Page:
This post was written by guest blogger, Mike Kavis, a senior enterprise architect. Mike describes how the roots of failed IT projects lie in management and leadership rather than in technology.
IT failures continue to plague organizations across virtually every industry. Poor business leaders who don't possess the skills needed to manage change effectively have created this mess.
There are countless articles about failed IT projects, ranging from outsourcing failures, SOA failures, technical architecture failures, and customer service failures. I outlined 10 reasons why large IT initiatives fail in a previous post:
- Poor Communication
- Underestimating or ignoring impact of change
- Lack of Leadership
- Lack of strong executive sponsorship
- Poor project management
- Poor Planning
- Trying to do it cheap
- Lack of technical knowledge
- Lack of sound business case
- Poor vendor management
This list boils down to three categories: technology, business, and people. You can probably count on one hand the number of folks that you've come across who excel in all three areas.
Most large business transformation projects fail because IT leaders don’t acknowledge, or at least underestimate, the impact of change on the workforce. These managers focus entirely on technical issues while failing to address the human side of change.
Driving change successfully requires creating a sense of urgency, communicating a clear vision, and addressing WIIFM (what’s in it for me) at all levels. Leaders must identify change agents throughout the company to battle resistance, while remembering success is about the people and not the technology.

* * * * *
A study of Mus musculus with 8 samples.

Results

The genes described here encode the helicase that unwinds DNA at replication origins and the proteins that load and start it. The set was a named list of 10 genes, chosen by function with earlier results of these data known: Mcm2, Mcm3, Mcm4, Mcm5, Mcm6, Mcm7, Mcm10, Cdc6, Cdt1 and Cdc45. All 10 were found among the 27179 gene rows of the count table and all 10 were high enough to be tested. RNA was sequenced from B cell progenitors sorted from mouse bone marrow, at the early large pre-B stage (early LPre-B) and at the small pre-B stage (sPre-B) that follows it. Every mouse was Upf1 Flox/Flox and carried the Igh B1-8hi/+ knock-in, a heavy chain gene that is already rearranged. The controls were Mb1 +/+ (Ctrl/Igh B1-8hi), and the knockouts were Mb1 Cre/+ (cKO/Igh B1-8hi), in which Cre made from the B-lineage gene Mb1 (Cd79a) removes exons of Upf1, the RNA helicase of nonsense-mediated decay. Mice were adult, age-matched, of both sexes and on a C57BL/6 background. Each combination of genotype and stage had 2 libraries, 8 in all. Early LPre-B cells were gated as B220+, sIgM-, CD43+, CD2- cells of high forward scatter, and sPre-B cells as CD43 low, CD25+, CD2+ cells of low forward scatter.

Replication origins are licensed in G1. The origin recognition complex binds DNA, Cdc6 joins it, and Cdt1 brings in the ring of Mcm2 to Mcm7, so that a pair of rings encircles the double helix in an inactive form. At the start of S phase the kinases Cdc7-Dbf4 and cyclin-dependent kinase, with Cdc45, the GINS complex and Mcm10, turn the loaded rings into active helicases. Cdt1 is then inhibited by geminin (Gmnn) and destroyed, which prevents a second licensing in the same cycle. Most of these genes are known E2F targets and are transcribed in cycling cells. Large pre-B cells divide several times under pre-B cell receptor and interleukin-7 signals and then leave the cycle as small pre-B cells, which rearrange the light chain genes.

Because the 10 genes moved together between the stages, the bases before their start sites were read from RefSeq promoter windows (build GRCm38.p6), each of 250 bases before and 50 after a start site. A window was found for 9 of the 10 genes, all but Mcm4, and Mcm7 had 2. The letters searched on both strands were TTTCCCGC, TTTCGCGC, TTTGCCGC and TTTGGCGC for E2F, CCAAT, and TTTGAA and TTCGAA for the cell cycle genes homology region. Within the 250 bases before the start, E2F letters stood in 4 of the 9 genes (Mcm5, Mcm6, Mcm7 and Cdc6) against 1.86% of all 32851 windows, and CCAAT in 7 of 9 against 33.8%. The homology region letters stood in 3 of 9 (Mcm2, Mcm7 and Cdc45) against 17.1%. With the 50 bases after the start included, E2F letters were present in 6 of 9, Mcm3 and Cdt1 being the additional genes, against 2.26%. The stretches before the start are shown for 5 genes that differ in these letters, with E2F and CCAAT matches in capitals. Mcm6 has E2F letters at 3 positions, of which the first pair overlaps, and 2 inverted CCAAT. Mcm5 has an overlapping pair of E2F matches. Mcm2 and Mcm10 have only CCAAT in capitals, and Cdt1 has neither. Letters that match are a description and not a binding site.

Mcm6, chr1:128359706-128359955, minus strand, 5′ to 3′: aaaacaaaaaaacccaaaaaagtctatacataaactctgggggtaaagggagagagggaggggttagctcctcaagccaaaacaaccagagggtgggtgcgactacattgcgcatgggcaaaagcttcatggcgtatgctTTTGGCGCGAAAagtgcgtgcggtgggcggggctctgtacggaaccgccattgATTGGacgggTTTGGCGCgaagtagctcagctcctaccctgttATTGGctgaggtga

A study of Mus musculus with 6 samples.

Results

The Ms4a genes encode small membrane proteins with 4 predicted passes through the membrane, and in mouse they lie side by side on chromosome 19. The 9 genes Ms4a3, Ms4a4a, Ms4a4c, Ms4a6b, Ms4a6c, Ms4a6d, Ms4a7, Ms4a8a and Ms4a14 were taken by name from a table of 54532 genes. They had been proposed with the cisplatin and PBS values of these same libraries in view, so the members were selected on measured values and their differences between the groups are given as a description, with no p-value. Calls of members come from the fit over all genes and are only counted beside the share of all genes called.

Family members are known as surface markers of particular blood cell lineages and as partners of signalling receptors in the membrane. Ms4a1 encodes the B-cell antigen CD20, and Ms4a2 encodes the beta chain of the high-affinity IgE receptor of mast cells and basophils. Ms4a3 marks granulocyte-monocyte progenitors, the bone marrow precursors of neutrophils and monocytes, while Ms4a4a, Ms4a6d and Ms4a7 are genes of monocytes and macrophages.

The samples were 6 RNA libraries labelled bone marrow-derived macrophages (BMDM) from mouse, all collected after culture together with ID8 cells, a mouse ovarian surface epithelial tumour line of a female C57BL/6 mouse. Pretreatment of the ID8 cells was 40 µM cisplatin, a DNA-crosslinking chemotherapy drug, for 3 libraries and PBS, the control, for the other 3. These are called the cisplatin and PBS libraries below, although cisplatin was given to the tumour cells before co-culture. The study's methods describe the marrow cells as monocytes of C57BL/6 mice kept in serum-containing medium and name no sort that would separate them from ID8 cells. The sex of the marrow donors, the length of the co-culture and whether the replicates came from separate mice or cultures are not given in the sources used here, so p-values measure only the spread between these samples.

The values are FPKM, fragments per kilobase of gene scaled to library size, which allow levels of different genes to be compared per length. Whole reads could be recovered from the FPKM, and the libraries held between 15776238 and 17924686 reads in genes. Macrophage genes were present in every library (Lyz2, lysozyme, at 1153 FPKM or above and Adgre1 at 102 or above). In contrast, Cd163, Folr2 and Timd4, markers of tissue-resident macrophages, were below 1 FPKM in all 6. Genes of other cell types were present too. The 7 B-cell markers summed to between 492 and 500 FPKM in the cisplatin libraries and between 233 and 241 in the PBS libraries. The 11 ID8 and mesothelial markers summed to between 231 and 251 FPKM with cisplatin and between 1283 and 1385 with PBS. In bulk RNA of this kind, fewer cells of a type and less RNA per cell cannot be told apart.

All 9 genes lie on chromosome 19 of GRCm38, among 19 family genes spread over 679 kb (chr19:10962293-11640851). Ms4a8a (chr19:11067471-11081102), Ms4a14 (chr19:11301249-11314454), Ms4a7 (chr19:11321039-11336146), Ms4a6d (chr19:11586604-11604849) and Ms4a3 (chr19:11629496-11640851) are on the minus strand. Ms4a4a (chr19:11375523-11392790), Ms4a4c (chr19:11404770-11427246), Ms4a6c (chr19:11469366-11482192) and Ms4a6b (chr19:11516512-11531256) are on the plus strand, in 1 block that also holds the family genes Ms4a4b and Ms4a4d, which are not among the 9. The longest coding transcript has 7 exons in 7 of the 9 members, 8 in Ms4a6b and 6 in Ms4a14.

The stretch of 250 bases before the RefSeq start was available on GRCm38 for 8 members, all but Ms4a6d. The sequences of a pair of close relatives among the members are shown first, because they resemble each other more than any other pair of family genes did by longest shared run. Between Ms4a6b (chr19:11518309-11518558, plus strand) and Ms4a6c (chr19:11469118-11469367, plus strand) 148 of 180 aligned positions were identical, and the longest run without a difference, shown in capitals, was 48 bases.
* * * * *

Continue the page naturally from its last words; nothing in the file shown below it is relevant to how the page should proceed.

Leaders often make a lethal mistake by not aligning technology projects with key business drivers, which is precisely why so many Service-Oriented Architecture and Enterprise Architecture initiatives fail. Both SOA and EA are long term strategic initiatives requiring many resources and a great deal of funding, which only worsens alignment issues.
When IT is not aligned with business drivers, IT makes poor architectural decisions that nobody on the business side will want or understand. Consequently, the business won't invest in these initiatives because they see no apparent benefit. This is where IT leaders must learn to speak in financial terms that the business will understand and appreciate.
Most IT failures are due to a team's inability to embrace changes needed to implement new technology. Nonetheless, leadership frequently points the harsh finger of failure to technology, which is simply the wrong place to look for solutions. No wonder IT failure rates remain so high!
The next time you see a major project fall apart, remember it's not the technology that failed but leadership that didn't measure up.